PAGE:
Carol Ryrie Brink’s birth was attended by her grandfather, Dr. William Woodbury Watkins. When the baby girl emerged, she did so silently. Her grandmother, Carol Woodhouse Watkins, who was also there, whispered, “Stillborn.” Dr. Watkins had none of that. He picked up the infant and began breathing into its mouth. After a few moments the baby began to squirm and cry. As Brink said in her autobiography, A Chain of Hands, “He gave me my life more surely than my parents did.”
Her first tragedy was when her father, Alex Ryrie, died from tuberculosis when she was five. When Brink was six years old, she would know her second heartbreak. On August 4, 1901, her grandfather turned 55. It would be his last birthday.
On that Sunday, Dr. Watkins was driving a phaeton on his way to his office in Moscow where he was to attend to a sick young girl. As he approached an intersection a man on horseback rode up in front of Watkin’s carriage. Recognizing the man as William Steffans a local farmer and fellow Mason, he stopped and greeted him. Watkins knew Steffans as a violent man, one whom he had previously confronted after Steffans had beaten his own mother.
Steffans was not headed to church that day. He had a to-do list with him of the worst possible kind. The name of Dr. Watkins was on it. Steffans promptly pulled his pistol and shot the doctor. Watkins’ horse startled and ran, stopping only when it arrived at the familiar office of the man now sprawled dead on the seat of his carriage.
Meanwhile, Steffans rode through the streets of Moscow looking for people on his list that he had grudges with. He wasn’t having any luck finding them, so he began shooting randomly at anyone he saw, wounding several. The police were soon in pursuit. Foretelling the plot device of countless future movies, they shot not the tire of a criminal’s car, but the leg of his horse.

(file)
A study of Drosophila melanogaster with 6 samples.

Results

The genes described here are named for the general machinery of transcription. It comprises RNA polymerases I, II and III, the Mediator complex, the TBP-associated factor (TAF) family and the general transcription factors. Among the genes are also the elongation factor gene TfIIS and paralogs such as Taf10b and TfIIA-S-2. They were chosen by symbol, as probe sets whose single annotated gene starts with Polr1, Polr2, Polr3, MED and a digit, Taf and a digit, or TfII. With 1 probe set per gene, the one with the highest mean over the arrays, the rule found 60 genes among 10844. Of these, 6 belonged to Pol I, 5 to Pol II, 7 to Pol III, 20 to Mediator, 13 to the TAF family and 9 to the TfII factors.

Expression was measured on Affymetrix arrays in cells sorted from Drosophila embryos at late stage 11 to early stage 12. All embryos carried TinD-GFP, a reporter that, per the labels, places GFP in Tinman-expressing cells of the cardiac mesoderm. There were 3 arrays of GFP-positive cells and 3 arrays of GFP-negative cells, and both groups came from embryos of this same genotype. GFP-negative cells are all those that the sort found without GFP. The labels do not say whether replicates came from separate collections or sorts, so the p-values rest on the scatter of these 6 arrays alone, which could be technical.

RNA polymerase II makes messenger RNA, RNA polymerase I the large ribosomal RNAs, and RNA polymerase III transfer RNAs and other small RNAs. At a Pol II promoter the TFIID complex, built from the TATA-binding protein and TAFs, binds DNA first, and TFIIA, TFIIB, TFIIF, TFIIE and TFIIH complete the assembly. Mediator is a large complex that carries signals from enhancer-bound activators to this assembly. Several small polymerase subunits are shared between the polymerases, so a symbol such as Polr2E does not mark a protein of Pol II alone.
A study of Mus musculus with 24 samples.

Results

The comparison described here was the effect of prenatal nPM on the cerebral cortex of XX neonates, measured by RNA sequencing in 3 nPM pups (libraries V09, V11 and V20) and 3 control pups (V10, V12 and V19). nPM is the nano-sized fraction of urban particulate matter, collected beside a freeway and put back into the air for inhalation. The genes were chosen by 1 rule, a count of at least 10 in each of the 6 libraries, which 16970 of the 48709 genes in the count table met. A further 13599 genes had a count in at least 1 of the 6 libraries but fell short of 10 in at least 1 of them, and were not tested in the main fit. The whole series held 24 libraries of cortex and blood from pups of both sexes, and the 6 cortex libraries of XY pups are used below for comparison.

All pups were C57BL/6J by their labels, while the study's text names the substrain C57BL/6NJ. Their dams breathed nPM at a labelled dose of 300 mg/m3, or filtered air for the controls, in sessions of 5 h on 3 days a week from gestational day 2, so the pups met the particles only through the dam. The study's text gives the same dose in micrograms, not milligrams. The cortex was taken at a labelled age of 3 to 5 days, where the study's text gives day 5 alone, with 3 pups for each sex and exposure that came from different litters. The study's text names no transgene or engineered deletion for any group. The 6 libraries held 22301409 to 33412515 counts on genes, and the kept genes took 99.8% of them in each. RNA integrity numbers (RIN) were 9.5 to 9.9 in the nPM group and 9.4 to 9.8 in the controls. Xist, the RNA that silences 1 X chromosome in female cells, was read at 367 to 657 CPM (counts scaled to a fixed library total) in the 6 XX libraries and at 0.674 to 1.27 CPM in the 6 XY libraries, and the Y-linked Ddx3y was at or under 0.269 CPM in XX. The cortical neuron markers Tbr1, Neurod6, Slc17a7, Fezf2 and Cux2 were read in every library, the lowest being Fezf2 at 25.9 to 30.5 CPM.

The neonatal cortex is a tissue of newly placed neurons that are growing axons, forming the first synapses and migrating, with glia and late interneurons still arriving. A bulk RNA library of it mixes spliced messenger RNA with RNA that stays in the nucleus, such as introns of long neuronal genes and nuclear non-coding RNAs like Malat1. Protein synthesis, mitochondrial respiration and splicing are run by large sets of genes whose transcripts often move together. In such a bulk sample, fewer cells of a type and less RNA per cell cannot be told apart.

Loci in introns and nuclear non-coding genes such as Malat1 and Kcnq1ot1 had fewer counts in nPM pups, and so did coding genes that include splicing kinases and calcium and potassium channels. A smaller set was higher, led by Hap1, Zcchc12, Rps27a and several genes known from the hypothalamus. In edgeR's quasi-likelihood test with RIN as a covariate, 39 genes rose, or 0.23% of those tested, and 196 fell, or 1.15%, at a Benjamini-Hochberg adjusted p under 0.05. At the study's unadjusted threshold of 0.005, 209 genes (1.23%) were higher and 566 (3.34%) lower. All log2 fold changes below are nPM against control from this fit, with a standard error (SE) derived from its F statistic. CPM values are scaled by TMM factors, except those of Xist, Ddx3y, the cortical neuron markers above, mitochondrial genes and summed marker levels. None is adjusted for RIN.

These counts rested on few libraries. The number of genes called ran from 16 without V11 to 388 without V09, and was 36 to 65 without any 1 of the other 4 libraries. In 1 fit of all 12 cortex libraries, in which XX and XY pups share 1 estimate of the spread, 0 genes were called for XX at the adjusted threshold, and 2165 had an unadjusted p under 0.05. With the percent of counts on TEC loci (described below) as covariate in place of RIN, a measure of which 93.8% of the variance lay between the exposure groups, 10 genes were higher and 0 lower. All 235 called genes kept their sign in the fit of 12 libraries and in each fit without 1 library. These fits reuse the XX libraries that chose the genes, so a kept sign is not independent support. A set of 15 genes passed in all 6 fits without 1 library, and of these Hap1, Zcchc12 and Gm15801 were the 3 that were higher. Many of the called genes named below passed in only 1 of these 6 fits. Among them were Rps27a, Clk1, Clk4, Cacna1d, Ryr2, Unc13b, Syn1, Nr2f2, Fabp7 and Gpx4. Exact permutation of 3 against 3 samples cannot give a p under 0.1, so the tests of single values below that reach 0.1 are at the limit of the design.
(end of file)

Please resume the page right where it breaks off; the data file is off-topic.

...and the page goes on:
Afoot now, Steffans ran across the fields to his house and holed up inside. The townspeople formed a posse, gathered guns, and began a siege of the house. Steffans returned fire and the battle went on for some two hours. The mother he had treated so badly called out from inside the house that her son was dead. Whether from his own hand or a posse bullet is unclear.
In addition to Dr. Watkins a deputy died from wounds inflicted by Steffans.
Dr. Watkins was an engaged man, active not only in Moscow, but statewide. He was the first president of the state’s medical association, a member of the Board of Regents at the University of Idaho, and the chair of the first Idaho State Republican convention, during which he turned down a nomination for governor.
Brink honored her grandfather when she wrote a novel called Buffalo Coat in 1944. Based on his life, the book was on the New York Times bestseller list for weeks.
The final early tragedy in Brink’s life was the suicide of her mother when Carol was nine following a disastrous marriage. After that the young girl went to live with her widowed grandmother, Carol Woodhouse Watkins. It was her grandmother’s story, fictionalized in the book Caddie Woodlawn that won Brink the 1936 Newbery Medal for “distinguished contribution to American Literature for children.”
In all, Carol Ryrie Brink would write more than 30 books, including her acclaimed adult trilogy Buffalo Coat, Strangers in the Forest, and Snow on the River, the last of which won the National League of American Pen Women Fiction Award.
Carol Ryrie Brink passed away at age 85 in 1981.